Farmers have more important things to worry about than soybean rust. That message was conveyed consistently on June 1 at a Syngenta field day just outside Ames, IA. It was not an “all-clear” signal on the dreaded disease for 2005. But company experts and university agronomists at the event were generally in agreement that rust, while lurking on the southern fringes, isn't here in the Midwest yet. Farmers would be better served, they said, by focusing on other fungal diseases and pests that have been established in Midwest fields for many years. Pythium, Fusarium, Phytophthora and soybean aphids ranked high on their list of yield-robbing threats.
Syngenta, which offers the fungicide Quilt as a Section 18 preventative or rescue treatment for rust, sees far more need for its soybean seed treatment Cruiser Maxx Pak, which provides protection against early-season fungal diseases and insect pests. The company believes that this year’s cool early growing season, which favors fungi and soil insects, will show especially good yield improvements for treated seed in 2005.
Because soybean rust is capable of turning a soybean field into a total loss, growers in the upper Midwest are still well advised to remain vigilant against rust. However, they can breathe a little bit easier with each passing day that a soybean rust outbreak isn’t reported in the South. The southern soybean-growing season is well under way, and the entire country is on full alert for rust. But the disease triangle (host, disease presence and favorable conditions) hasn’t been stacking up to soybean rust’s liking so far. Signs are few that rust could reach epidemic proportions as far north as Iowa this year. For the 2005 growing season, only one volunteer soybean plant in Georgia and some spores collected in Texas rain gauges have shown themselves to confirm that rust still exists as a potential threat in the Corn Belt.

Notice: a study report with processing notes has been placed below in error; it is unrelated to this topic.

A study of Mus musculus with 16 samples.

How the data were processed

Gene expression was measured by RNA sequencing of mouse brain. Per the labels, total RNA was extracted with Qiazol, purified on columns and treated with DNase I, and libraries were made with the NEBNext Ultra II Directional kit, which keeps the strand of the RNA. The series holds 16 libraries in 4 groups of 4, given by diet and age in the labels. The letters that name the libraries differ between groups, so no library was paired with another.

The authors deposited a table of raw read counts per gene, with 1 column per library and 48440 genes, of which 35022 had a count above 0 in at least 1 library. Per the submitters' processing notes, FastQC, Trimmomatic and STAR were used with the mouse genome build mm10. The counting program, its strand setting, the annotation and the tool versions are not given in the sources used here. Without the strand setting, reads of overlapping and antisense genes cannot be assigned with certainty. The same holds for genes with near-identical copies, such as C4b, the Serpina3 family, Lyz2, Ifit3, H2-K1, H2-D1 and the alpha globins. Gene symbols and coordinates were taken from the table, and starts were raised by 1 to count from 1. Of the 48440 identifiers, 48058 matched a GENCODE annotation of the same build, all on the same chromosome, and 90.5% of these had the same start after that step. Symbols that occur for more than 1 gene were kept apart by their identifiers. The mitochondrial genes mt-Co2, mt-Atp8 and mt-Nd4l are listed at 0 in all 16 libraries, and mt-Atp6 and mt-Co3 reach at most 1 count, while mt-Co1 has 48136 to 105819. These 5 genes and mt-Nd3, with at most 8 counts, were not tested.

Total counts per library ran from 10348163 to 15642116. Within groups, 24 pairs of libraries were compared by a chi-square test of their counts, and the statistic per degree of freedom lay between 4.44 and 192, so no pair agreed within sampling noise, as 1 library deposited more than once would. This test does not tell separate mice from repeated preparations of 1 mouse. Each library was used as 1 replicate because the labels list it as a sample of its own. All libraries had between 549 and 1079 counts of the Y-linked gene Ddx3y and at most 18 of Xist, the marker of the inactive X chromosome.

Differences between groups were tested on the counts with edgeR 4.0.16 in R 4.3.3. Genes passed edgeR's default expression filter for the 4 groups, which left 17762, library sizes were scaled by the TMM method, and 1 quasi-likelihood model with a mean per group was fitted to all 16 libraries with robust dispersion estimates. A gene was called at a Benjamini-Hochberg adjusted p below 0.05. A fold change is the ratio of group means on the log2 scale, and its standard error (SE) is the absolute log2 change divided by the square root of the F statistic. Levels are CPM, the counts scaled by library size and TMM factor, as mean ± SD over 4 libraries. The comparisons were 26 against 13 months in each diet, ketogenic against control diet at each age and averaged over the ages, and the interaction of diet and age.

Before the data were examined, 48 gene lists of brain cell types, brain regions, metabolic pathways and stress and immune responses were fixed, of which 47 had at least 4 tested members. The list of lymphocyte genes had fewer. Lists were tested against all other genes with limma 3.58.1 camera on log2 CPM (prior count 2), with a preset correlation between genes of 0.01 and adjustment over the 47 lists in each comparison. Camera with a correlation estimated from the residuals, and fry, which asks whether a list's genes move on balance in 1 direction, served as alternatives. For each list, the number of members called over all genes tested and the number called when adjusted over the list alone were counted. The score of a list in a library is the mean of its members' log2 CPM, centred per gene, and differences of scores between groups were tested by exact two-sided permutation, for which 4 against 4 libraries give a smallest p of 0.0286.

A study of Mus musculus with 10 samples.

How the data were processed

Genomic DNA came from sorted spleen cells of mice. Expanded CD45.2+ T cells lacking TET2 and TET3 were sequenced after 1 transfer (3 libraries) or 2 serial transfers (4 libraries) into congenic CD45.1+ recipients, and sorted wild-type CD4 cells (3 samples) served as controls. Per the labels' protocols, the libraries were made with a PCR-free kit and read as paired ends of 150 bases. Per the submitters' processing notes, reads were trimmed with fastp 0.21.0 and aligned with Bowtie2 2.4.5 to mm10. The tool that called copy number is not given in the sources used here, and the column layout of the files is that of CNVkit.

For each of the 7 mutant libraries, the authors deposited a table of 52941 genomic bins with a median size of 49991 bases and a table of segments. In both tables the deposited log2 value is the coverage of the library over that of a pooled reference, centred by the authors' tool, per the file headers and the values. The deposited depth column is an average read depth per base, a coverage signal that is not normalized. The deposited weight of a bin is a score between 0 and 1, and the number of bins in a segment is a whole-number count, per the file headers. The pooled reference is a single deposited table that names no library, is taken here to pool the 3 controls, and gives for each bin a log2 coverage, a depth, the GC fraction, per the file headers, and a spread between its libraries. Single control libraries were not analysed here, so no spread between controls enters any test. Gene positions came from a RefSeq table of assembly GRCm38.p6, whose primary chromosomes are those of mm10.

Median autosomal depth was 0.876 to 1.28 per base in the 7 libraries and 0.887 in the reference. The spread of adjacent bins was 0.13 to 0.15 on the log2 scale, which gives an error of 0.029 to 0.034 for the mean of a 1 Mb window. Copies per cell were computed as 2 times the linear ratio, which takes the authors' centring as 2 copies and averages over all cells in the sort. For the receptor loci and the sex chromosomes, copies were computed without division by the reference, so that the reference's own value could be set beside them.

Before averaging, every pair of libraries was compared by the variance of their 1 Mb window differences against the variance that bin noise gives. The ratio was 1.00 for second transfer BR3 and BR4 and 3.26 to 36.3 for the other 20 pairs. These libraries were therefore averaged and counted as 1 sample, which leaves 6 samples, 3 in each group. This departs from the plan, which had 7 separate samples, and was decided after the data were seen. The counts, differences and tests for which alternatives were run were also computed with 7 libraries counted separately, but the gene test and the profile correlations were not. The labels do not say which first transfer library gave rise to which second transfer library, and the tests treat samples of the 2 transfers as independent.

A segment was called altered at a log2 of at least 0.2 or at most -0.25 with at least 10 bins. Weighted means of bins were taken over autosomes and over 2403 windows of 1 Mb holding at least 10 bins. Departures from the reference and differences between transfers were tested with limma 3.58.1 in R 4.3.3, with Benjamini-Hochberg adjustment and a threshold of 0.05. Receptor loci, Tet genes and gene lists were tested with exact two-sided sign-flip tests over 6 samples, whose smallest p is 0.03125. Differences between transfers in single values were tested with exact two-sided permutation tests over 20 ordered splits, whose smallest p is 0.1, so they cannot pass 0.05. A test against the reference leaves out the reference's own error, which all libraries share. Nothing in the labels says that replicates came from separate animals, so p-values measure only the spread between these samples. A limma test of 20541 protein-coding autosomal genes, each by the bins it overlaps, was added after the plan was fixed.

So what should soybean growers be most concerned about? Iowa State University’s Palle Pedersen expressed particularly strong concern that Pythium in the spring and soybean aphids later in the season could reduce soybean yields on fields planted with untreated seed.
“Farmers need to balance risks and opportunities. Early planting can boost yields and help reduce the risk of soybean aphid damage,” Pedersen said. “But cool soils favor Pythium, which can reduce stands and limit individual plant yield potential. The only good way to prevent Pythium in early-planted soybeans is with an antifungal seed treatment. A seed treatment also allows the farmer to plant lower seed populations, which becomes more important as the price of soybean seed increases and seed companies move toward pricing by seed count rather than weight.”
Pedersen also pointed out that systemic insecticidal seed treatments provide some, but not complete, protection against aphids. “Unchecked, soybean aphids can multiply tenfold in a week,” he said. “A lot of damage can be done before the farmer is able to spray. A seed treatment insecticide won’t stop the aphids completely, but it will slow them down enough to give you time to scout and get the sprayer into the field.”
For more information about soybean pest control and plant populations, visit extension.agron.iastate.edu/soybean.